Editorial

Nature 437, 790 (6 October 2005) | doi:10.1038/437790a; Published online 5 October 2005


People have stopped talking about 'physics envy'. Time was when other sciences were jealous of the prestige and funds attracted by physics, and also of its success in capturing the imagination, as it uncovered revolutionary ways of thinking about, and predicting, the constituents and governing principles of the Universe.

Nowadays, thanks to the allure of biology's progress and benefits, physics is just another discipline. But its decline in prominence should not mislead. The next generation of particle accelerators promises insights as deep as any of their predecessors, in particular in understanding the origins of mass and the symmetries underlying the laws of nature. The enduring conjugal relationship between physics and mathematics continues to stimulate both. Understanding the behaviour of electrons and light within condensed matter continues to yield not only surprises in understanding but also new technologies. And physicists' habit of thinking about the underlying questions leads them still to speculate beyond the current limits of experiment. Where does quantum mechanics fail? Is information a more fundamental quantity than hitherto realized?

It is with the enduring enticement of these challenges in mind that we welcome the launch this month of our sister publication Nature Physics (http://www.nature.com/naturephysics). It is also an indicator of success. After the Second World War, Nature ceased to be a vehicle for the physics community. It was only after the advent of high-temperature superconductivity that physicists began to rediscover the journal's value. Over the succeeding two decades or so, Nature has re-established itself as a prime physics outlet.

At the same time, the publishing habits of physicists have also evolved. Preprint servers are now commonplace for some branches of the subject, without damaging journals. The number of papers published has grown by 3% per year, but there have been significant shifts in regional output. Between 1981 and 2001, US research output in physics fell by 1.5% (to 19,500 papers per year), Western Europe saw research output grow by 56% (to 29,100 papers), and output in Asia grew by 120% (to 22,500 papers). Within Asia, China saw its output grow from 500 articles to 5,500, Japan's grew by 67% to 11,000 and India saw a 40% increase to 2,100 papers.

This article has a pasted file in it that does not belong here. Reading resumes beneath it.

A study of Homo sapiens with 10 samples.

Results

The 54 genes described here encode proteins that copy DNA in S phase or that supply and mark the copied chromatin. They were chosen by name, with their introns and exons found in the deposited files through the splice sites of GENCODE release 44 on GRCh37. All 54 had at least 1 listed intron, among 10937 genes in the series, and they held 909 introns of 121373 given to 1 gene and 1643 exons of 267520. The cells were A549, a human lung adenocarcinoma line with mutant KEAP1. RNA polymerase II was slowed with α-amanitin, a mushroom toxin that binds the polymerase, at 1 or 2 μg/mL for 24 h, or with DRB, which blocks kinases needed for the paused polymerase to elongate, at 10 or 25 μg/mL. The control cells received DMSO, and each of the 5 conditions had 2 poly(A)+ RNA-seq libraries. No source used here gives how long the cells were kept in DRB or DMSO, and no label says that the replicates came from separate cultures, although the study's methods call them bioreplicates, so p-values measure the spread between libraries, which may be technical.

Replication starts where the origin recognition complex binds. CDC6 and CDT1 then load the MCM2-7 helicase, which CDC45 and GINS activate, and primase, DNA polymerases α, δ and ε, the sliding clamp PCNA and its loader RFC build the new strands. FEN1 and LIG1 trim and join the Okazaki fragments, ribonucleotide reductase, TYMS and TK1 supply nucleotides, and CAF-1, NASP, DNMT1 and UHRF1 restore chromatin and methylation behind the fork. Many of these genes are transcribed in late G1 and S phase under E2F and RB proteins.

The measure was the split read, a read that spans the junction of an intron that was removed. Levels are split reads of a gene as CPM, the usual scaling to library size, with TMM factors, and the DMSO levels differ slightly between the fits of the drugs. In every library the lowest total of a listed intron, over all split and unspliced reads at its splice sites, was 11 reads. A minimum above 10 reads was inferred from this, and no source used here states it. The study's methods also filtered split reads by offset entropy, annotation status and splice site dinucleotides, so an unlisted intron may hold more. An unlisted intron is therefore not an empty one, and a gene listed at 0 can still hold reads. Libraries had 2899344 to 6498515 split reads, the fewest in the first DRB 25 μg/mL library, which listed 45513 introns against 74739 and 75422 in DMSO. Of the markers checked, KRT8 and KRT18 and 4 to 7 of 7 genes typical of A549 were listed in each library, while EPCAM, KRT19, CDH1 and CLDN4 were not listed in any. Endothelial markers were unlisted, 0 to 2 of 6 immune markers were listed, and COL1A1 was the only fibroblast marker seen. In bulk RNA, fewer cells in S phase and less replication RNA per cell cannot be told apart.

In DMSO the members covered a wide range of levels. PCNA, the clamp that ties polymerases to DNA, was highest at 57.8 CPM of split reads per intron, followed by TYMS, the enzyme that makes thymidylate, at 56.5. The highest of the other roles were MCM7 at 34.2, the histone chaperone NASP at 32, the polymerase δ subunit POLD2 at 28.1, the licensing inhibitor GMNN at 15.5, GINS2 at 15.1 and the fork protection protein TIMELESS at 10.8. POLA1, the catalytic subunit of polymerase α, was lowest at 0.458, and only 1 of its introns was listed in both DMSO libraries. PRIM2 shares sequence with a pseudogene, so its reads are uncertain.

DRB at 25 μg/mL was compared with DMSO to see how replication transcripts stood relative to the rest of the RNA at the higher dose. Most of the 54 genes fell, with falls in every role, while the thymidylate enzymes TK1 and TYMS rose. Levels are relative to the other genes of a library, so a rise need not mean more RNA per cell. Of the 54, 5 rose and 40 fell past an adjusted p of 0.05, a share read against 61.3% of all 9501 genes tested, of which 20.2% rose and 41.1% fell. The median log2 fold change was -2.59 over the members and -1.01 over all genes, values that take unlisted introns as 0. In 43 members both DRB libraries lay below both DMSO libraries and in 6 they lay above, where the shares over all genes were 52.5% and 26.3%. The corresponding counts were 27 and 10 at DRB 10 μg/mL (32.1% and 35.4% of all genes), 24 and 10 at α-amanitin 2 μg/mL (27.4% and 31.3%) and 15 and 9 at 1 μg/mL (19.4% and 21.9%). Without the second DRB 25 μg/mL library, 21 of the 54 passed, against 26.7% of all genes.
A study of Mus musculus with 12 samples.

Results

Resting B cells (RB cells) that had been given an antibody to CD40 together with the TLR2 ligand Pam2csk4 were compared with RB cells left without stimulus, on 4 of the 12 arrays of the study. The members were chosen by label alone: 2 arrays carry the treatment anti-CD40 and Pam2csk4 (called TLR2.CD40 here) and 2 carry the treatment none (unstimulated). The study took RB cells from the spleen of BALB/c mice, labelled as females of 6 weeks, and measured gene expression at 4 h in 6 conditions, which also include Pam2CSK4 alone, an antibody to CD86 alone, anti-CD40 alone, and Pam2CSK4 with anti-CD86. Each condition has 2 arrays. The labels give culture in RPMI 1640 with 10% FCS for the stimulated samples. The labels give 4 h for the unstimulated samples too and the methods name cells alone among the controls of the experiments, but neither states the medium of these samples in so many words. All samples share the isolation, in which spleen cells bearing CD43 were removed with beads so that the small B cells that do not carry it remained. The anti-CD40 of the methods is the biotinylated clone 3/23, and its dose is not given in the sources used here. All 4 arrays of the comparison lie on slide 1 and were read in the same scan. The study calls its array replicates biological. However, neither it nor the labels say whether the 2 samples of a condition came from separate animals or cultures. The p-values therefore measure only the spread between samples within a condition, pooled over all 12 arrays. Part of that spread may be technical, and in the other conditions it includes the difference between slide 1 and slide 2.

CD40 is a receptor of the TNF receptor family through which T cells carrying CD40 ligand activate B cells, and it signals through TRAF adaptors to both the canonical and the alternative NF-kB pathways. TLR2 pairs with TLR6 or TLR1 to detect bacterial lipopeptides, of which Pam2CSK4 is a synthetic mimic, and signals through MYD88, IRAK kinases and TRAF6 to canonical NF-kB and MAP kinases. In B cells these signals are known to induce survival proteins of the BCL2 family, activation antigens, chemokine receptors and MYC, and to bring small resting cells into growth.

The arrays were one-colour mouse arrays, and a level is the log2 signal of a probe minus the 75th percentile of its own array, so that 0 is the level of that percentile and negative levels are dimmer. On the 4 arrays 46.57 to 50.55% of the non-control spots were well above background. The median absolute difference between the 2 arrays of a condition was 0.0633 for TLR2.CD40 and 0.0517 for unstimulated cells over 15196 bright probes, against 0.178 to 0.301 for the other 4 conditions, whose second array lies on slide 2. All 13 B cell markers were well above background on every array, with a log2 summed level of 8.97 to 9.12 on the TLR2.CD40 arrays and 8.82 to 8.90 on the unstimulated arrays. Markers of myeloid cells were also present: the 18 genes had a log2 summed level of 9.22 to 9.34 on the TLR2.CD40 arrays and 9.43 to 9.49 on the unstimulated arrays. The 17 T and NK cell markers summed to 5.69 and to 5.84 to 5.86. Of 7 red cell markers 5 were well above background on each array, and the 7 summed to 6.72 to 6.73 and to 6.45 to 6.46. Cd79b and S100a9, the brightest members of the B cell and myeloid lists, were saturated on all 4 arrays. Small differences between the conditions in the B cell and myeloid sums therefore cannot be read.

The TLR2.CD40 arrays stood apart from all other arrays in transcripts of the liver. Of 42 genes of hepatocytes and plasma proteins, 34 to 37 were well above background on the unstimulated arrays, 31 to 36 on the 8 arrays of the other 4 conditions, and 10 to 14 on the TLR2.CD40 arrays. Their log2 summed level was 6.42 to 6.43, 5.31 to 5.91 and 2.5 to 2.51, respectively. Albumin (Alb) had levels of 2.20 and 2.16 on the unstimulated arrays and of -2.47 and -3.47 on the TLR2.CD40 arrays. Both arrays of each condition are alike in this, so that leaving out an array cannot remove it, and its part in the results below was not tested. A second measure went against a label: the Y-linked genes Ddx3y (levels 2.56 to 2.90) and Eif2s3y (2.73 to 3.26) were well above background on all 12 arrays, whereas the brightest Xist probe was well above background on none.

Experience has shown that launching sibling research journals strengthens Nature. More importantly, it stimulates the discipline.

Perhaps the most significant shifts are in the distribution of the physics community over that period, with the number of PhDs in physics declining markedly in the United States and Europe but increasing dramatically in Asia. Nature and its related journals have always had internationalism as a key ingredient, and have reflected regional growths in strength.

Experience has shown that launching sibling research journals strengthens, rather than weakens, Nature. More importantly, it stimulates the discipline by providing greater exposure thanks to our media and web strengths, and, above all, by providing healthy competition to established journals, to the benefit of authors and readers everywhere. Nature Physics is set to follow this tradition.